Friday, July 23, 1999 Published at 15:53 GMT 16:53 UK
Judge slams no-show train boss
Corporate manslaughter charges against GWT were dropped
A judge has criticised a senior executive of Great Western Trains for failing to turn up for the hearing into the Southall train crash.
The company has admitted breaching health and safety laws over the crash in west London two years ago in which seven people were killed and 150 injured.
But when Mr Justice Scott Baker at the Old Bailey asked if Mr George was in court to answer questions he appeared astonished to be told "No".
The judge told lawyers: "He is the man in charge of safety, yet he is not here. He has not taken the trouble to come to court."
Safety systems failed
The company pleaded guilty on Friday to failing to provide transport to the public "in such a way as to ensure that they were not exposed to risks to their health and safety".
The offence carries an unlimited fine. The court is to decide on the degree of guilt the company should bear for the crash.
Corporate manslaughter charges against the firm have already been dropped.
The court heard that neither of the safety systems on board the train was working at the time of the accident.
Richard Lissack QC, prosecuting, painted a picture of dereliction of duty by Great Western.
He contrasted what the company said in safety documents and what happened on the day.
Mr Lissack said the company accepted it was at fault and that it would have been "reasonable practice" to stop the train at Swansea because of the failure of the Automatic Warning System.
Driver missed red light
Mr Lissack said the company was guilty of dereliction of duty in allowing the train to enter and remain in service - operating with the safety systems switched off and allowing the driver to operate alone.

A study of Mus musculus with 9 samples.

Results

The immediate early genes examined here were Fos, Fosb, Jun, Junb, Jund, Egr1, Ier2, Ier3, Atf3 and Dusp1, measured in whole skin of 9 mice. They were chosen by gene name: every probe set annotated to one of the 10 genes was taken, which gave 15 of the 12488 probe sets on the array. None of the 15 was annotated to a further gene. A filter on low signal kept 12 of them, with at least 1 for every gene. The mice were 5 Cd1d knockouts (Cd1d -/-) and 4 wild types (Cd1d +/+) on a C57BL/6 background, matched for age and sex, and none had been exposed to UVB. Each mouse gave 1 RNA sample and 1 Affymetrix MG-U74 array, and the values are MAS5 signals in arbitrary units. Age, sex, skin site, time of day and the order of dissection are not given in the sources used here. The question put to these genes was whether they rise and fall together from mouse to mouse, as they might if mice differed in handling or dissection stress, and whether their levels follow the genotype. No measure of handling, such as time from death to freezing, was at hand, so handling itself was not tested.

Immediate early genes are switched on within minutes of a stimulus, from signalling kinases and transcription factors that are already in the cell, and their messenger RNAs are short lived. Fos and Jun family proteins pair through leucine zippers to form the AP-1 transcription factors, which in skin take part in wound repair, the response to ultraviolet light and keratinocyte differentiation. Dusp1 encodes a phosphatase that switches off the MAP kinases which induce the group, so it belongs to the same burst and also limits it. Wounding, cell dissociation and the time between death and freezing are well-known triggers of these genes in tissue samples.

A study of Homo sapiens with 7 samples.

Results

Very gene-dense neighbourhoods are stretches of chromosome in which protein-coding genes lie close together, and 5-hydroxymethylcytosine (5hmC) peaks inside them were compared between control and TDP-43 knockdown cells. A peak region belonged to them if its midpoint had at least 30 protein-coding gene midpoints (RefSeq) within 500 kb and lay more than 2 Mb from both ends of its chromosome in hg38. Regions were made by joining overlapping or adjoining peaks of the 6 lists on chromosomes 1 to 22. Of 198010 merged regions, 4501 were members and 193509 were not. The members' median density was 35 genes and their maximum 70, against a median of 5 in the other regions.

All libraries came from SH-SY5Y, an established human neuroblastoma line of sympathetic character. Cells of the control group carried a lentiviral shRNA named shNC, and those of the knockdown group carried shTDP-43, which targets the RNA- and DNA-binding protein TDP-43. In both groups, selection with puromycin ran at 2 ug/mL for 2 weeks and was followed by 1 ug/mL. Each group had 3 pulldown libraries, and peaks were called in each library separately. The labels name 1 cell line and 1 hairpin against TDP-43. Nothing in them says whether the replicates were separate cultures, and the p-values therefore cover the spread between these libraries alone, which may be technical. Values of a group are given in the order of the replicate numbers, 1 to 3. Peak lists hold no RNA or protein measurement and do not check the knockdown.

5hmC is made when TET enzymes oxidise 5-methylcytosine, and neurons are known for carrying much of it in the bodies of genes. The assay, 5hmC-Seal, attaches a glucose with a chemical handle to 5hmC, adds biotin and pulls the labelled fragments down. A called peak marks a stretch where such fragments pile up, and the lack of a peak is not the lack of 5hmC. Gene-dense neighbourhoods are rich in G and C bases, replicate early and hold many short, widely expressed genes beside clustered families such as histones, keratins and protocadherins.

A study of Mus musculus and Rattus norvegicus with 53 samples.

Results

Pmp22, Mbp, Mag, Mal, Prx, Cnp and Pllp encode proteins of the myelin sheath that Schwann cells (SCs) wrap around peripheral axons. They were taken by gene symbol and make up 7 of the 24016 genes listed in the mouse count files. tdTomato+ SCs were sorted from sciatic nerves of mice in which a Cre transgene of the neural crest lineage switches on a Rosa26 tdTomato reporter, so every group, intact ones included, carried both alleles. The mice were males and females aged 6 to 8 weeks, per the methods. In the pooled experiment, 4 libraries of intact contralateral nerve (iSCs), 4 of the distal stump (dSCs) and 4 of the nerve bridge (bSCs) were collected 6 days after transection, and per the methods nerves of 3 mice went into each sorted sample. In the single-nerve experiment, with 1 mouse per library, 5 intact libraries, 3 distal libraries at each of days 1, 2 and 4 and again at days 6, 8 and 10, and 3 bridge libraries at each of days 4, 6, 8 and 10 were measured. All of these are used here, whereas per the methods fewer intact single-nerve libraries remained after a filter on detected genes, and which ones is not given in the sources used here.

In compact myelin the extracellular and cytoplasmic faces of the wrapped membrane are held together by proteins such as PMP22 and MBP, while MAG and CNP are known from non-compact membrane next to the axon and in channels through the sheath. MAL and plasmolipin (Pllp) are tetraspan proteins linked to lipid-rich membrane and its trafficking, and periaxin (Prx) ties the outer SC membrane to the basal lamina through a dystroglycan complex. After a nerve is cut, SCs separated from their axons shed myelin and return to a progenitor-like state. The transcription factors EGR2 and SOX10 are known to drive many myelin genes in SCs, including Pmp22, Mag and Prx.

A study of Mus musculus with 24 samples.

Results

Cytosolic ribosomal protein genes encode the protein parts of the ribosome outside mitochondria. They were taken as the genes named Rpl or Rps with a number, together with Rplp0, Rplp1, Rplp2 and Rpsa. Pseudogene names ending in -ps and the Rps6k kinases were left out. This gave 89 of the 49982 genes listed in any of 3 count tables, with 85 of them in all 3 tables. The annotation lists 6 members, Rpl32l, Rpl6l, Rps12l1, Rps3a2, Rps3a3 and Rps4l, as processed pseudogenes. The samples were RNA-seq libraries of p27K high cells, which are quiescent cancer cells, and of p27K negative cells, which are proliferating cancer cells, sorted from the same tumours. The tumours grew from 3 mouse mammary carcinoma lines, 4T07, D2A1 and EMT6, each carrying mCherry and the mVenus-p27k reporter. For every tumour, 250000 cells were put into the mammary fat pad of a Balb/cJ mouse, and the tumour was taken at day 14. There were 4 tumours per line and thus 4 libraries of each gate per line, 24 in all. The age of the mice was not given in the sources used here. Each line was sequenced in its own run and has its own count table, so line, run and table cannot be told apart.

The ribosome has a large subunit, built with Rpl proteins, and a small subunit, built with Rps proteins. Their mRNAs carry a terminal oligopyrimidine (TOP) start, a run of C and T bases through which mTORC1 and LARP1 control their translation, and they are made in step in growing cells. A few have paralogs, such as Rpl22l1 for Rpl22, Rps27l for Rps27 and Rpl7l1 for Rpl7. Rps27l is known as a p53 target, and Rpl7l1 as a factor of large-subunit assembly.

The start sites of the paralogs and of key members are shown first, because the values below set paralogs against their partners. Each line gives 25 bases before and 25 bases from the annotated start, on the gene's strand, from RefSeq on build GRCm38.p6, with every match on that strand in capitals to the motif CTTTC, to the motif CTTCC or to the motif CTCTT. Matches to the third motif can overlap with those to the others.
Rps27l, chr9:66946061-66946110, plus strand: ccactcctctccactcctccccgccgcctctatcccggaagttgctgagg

"The company cannot say that they are absolved from blame due to the driver," said Mr Lissack.
But the defence claimed primary responsibility lay with the driver for not seeing a red signal.
Defending, Jonathan Caplan QC said the company did not accept that its failure to stop, or "turn", the train was a "significant factor" in the accident.
"The degree of fault in not turning the train was not high," said Mr Caplan. "Their failure was a contributory factor. As a matter of law we say it was not a significant cause.
"We say the driver did not do what he was trained to do."
Asked by the judge if the company was saying it was all the driver's fault, Mr Caplan replied: "No. We will be making submissions."
The court was told that the company dedicated a lot of time to the issue of safety.
An earlier hearing was told that driver Larry Harrison, 57, was packing his bags as the express train ploughed into an empty freight train in September 1997. He had failed to notice two red lights.
Manslaughter charges against him have been dropped for a number of reasons, including health grounds.